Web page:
Two-way radios have no place in a hunt. Ed Dentry Column


By Ed Dentry

Scripps Howard News Service

The radio chatter in remote parts of the Gunnison National Forest was downright entertaining on a slow day of elk hunting in the second rifle season.

It also was downright unethical.

I humored my hunting partner when he handed me one of those newfangled, affordable, lightweight two-way "sport" radios that seem to be springing out of packs and pockets everywhere in the mountains. I plunked the device in my day pack with no intention of using it unless someone got lost or needed help hauling a large, heavy critter back to camp.

Partner agreed likewise to keep a low profile on the airwaves. We both would rather listen to the chatter of jays and ravens than human voices in the backcountry.

When I did switch on the power I was amazed to discover how popular the multichannel communicators have become. Partner wasn't there. But the woods were alive with conversation. And that wasn't just idle chatter on Channel 6.

Several hunters were receiving directions from a spotter on an opposite slope. The eavesdropped conversation went something like this:

"Where's Bob?"

"He went back to camp?"

"Well, he walked right by a 5x5 bull."

"He said he didn't see anything."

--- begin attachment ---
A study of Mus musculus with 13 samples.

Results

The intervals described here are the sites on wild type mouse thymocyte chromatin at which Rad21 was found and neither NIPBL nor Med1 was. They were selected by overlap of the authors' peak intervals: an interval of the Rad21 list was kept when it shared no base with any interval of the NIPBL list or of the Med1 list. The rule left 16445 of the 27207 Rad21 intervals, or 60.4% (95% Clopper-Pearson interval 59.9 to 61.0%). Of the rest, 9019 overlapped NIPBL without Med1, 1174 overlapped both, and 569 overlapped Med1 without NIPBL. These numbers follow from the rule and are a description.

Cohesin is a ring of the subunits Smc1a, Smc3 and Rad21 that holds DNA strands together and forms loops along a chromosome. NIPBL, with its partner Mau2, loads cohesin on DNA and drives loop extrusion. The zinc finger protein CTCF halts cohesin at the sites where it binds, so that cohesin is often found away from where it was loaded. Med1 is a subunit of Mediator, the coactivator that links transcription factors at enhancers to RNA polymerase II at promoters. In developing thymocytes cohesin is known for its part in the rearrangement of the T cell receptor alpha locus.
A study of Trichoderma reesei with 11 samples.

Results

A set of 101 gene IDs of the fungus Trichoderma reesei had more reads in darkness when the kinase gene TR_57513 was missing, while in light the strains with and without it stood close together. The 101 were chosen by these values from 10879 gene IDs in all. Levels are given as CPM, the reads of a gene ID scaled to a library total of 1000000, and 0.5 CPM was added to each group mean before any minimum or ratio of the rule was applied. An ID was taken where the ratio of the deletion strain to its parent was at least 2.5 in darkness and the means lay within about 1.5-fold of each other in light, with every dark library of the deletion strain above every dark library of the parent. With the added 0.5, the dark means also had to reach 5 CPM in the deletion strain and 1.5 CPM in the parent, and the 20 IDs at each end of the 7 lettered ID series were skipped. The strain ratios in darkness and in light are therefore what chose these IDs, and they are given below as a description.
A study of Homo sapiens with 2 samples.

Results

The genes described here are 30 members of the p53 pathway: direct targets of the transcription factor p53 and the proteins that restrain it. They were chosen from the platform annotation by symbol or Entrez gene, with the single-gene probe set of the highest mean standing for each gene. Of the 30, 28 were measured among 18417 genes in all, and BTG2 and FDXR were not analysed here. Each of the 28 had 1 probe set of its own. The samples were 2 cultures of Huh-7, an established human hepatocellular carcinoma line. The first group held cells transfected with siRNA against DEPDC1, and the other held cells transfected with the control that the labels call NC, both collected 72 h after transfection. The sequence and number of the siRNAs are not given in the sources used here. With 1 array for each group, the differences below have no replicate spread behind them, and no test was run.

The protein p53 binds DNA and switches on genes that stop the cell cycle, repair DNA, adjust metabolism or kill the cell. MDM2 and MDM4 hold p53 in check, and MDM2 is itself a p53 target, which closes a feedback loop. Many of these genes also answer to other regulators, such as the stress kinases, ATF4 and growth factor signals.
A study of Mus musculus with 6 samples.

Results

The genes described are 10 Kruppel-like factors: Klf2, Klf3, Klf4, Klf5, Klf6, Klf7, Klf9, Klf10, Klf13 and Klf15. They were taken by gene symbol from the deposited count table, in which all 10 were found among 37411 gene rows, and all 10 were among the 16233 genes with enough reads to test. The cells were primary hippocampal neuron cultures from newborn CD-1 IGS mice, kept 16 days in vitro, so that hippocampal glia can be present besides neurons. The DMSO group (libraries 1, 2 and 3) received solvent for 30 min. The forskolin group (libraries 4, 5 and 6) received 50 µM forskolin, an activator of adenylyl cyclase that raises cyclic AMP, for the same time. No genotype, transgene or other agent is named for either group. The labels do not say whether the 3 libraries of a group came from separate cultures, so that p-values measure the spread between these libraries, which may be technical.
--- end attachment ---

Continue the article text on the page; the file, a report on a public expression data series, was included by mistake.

"It's in the aspens about 300 yards below you. Head for that big rock. From there you should be able to put the sneak on him real easy."


What's wrong with this picture?

Hunters with an ounce of ethical sense should recognize the two-way radio stalk as violating even the sloppiest interpretation of the rules of fair chase. Employing "sport" radios to ambush an elk or any other animal turns the devices into poor-sport radios and worse.

In some states, using walkie-talkies to locate big-game animals is illegal, as it should be. Montana recently issued a warning to its hunters, saying such misuse of two-way radios is on the rise. Apparently, some hunters also are using two-way radios to warn their buddies where wildlife law enforcement road check stations are located.

Montana law prohibits two-way radio communication as an aid in hunting or chasing big-game animals or as a tool to evade check stations. Big Sky Country equates the misuse of radios with the use of other techno-toys, including night vision devices, motion-tracking instruments, cell phones or aircraft in spotting animals and relaying information to hunters on the ground.

"The bottom line is that these laws protect our strong commitment in Montana to fair chase and ethical hunting," said Beate Galda, enforcement chief for the state's Fish, Wildlife and Parks department.

Our hunting heritage deserves better than to be dirtied by electronic game players.


An elk wins this round

I rooted for the elk. The good news was that, even with all that radio quarterbacking to assist their dubious woodsmanship, our wiley posse of at least four and possibly six hunters seemed unable to pin down the bull for a shot. For half an hour their tactical struggles sounded like a Laurel and Hardy skit involving a piano and a long flight of stairs.

Finally the spotter reported seeing the bull elk sneaking to within a few hundred yards of the gang's camp. Bob must have been taking a nap; he didn't answer the call to arms.

The elk sneaked off. It happens to the best and worst of us.

Contact Ed Dentry of the Rocky Mountain News at http://www.rockymountainnews.com.